UW Whitewater Latinos Unidos met Thursday evening to plan future events and fundraisers and discuss Mexican history and culture.
Latino Unidos was founded by latino and hispanic students who felt they were underrepresented and decided to form an organization where they could stick together and advocate for themselves, according to vice president Marco Marquez.
As the meeting started sign up sheets were passed around for various events, including Boxes and Walls, a sort of haunted house where various rooms offer interactive experiences meant to educate students on issues of diversity and discrimination.
There were also members from organizations like Dream Scholars & Colleagues, or DSC, which advocates for undocumented students on campus.
Undocumented immigration has become a central political issues at the national level. An especially controversial moment came recently when president Donald Trump said he would end the Obama era Deferred Action for Childhood Arrivals, or DACA program.
In order to gain DACA status, undocumented immigrants had to give the government a comprehensive history of their personal lives, including addresses and employers, which many now fear will be used to as a deportation database.
Trump later announced a deal with democratic leaders to not end the program immediately, but the legal status for DACA’s 800,000 participants is still in limbo.
Although these issues are naturally relevant to many LU members, Marquez said the organization does not take any official political stances.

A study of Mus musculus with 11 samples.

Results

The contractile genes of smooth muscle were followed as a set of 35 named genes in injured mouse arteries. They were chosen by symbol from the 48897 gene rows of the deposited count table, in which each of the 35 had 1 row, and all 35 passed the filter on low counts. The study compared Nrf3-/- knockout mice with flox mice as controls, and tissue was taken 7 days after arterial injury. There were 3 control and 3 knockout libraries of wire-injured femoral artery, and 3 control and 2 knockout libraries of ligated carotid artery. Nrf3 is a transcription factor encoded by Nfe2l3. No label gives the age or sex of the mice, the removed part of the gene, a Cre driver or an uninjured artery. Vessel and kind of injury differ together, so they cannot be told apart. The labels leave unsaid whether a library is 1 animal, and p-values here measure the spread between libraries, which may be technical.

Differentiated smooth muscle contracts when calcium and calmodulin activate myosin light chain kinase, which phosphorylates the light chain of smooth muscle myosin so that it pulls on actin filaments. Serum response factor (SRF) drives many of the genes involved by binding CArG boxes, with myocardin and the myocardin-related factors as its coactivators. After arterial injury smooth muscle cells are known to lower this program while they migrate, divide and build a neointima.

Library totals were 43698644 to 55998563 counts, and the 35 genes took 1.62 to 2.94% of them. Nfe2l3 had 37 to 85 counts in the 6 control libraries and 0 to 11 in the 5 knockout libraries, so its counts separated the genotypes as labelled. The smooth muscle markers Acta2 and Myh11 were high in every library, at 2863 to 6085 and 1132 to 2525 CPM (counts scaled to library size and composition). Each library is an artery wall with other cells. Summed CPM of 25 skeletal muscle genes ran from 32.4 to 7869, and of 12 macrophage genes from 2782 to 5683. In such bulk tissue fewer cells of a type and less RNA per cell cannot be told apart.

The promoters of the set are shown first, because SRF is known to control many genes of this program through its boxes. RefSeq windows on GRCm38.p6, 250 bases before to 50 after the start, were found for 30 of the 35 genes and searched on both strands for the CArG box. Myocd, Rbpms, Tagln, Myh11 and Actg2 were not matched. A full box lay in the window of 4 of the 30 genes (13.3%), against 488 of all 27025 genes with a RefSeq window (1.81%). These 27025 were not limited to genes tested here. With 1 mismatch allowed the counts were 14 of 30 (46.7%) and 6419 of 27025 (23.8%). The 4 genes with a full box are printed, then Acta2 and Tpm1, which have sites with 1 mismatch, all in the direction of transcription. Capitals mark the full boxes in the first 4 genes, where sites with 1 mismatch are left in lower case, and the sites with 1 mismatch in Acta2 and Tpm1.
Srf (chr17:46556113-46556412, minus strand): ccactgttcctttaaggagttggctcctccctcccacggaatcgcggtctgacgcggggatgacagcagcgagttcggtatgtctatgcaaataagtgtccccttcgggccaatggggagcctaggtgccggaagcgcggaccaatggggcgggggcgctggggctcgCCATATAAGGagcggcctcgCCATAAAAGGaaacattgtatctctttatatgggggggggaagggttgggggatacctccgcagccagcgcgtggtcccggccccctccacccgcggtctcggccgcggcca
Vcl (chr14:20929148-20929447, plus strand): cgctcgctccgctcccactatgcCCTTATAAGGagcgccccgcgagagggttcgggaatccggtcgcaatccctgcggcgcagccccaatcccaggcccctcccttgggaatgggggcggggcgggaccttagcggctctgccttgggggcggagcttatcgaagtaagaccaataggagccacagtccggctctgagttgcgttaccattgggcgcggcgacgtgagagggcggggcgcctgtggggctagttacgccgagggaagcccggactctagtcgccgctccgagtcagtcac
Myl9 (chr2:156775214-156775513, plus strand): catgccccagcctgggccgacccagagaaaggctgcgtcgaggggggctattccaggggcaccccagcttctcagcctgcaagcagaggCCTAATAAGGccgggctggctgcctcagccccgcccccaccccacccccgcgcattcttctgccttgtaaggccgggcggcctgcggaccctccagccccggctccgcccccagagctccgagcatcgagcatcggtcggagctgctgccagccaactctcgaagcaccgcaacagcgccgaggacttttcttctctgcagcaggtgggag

However, the organization is an open platform for various organizations to advocate for their causes and raise awareness.
“We still strive to be a place where people who feel underrepresented can talk about it and meet people to advocate with them,” Marquez said.
Organizations represented at the meeting gave information for various events and fundraisers, including a Pozole Sale hosted by the Zeta Sigma Chi, Multi Cultural Sorority, and a deep fried oreo sale from the Lamba Alpha Upstein Fraternity.
After these various announcements, which took about 40 minutes of the meeting, a presentation on Mexican history and culture was given by e-board member Abraham Avarez.
Mexico, like all South American nations is an amalgamation of cultures that collided in the colonial order.
Averaz pointed out that the majority of Mexicans are catholic, not by their own origin, but because Spain, which took religion very seriously at the time, mandated the practice for all of its colonial subjects.
However, while the western powers tried to impose their own culture, the indigenous society that existed long before still shapes the present.
Averaz made a point in his presentation to stress the sophistication of the indigenous society that existed for thousands of years, as well as pointing out that much of what is now the United States was part of Mexico for most of its history.
However, of all his country’s cultural achievements, Averaz said the food is his favorite.
“Nothing like it,” Averaz said, “especially when my mom cooks it.”
Marquez said the structure of this meeting was fairly typical, where about half of the time is spent allowing members to raise awareness for their various causes or events, and the rest is spent focusing on some part of Latino heritage.
Marquez also said he thinks the turnout this year is growing compared to previous years, with more than 60 people showing up to the first meeting, and nearly fifty a few weeks in.
Latinos United meets every Thursday at 5 pm in the University Center.